Georgia Heard’s book, Heart Maps: Helping Students Create and Craft Authentic Writing, has been out for a couple of years now, but when I facilitate writing workshop training for teachers in my district, many still haven’t heard of heart maps.
Since the first step in being an effective writing teacher is to write, I show teachers how to use this tool for themselves first.
The photo is of Heard’s “First Times” heart template. I’ve filled in many of my personal “first times” which can be spun into stories. Such as . . .
The first time I had a serious injury. I was in the fourth grade, on the playground, standing on a tire cemented to the end of a pole (two of these poles would be used to hold up a volleyball net; this pole was lying down, and I was standing up on the tire’s edge) with the intent of jumping and grabbing hold of the tallest chin-up bar. I missed. I broke my left arm. When I get around to writing this story in all of its gory detail, I must also include my dad, who came to take me to the orthopedist. He brought me an old, smudged doll that I didn’t play with anymore. It was humiliating, but at the same time, seeing him there, holding that bedraggled doll I’d outgrown, his face pinched because of the pain I was enduring, I understood that he was trying to help in the best way he knew how. Yes, I’ll need to write this story, one of these days.
The first time I directed a play. I was a high school senior and my drama teacher was asked to send two students to the elementary school to lead a small production for advanced learners in the fifth grade. I was chosen to direct the play and a classmate was chosen to teach the students some of the tech, such as scenery and lights. One little boy in the elementary group was painfully shy; I gave him the role of the bad-boy motorcyclist and, well . . . I need to write that story.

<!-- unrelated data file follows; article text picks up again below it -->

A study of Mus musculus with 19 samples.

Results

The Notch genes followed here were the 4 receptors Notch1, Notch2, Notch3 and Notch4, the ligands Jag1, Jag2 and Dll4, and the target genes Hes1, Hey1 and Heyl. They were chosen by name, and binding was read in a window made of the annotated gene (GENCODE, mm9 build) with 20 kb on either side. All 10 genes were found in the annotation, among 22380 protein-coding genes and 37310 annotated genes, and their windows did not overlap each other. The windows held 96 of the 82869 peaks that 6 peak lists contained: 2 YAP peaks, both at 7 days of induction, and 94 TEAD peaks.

The first time I cried over a book. Fourth grade again. The teacher read Charlotte’s Web to the class. Later in the year, she read Old Yeller to us. I didn’t think I’d live through fourth grade (broken arm notwithstanding).
The first time a teacher praised my writing. Fifth grade. The class had written “All About Me” books and the teacher complimented my description of the allergy medicine I had to take. Until this moment, I had no idea my writing had any real value.
The first time I felt sorry, really sorry, for my father. When he got paid at the end of the week, he would cash his check and go to the store for our family’s groceries. Once the shopping was done, he’d put the rest of the money in the bank. One day, when I was a young teenager, Daddy got in line with his loaded cart, reached for his wallet to pay the cashier—and discovered that his wallet was missing. Along with his whole week’s pay.
So, I walk teachers through the process of brainstorming their own “first times” for writing inspiration, before we ever talk about how students might use the heart maps.
And the teachers write. Some stare off into space, thinking; others smile. There’s not a lot of tears when we write about first times.
Those tend to come when we write about last times.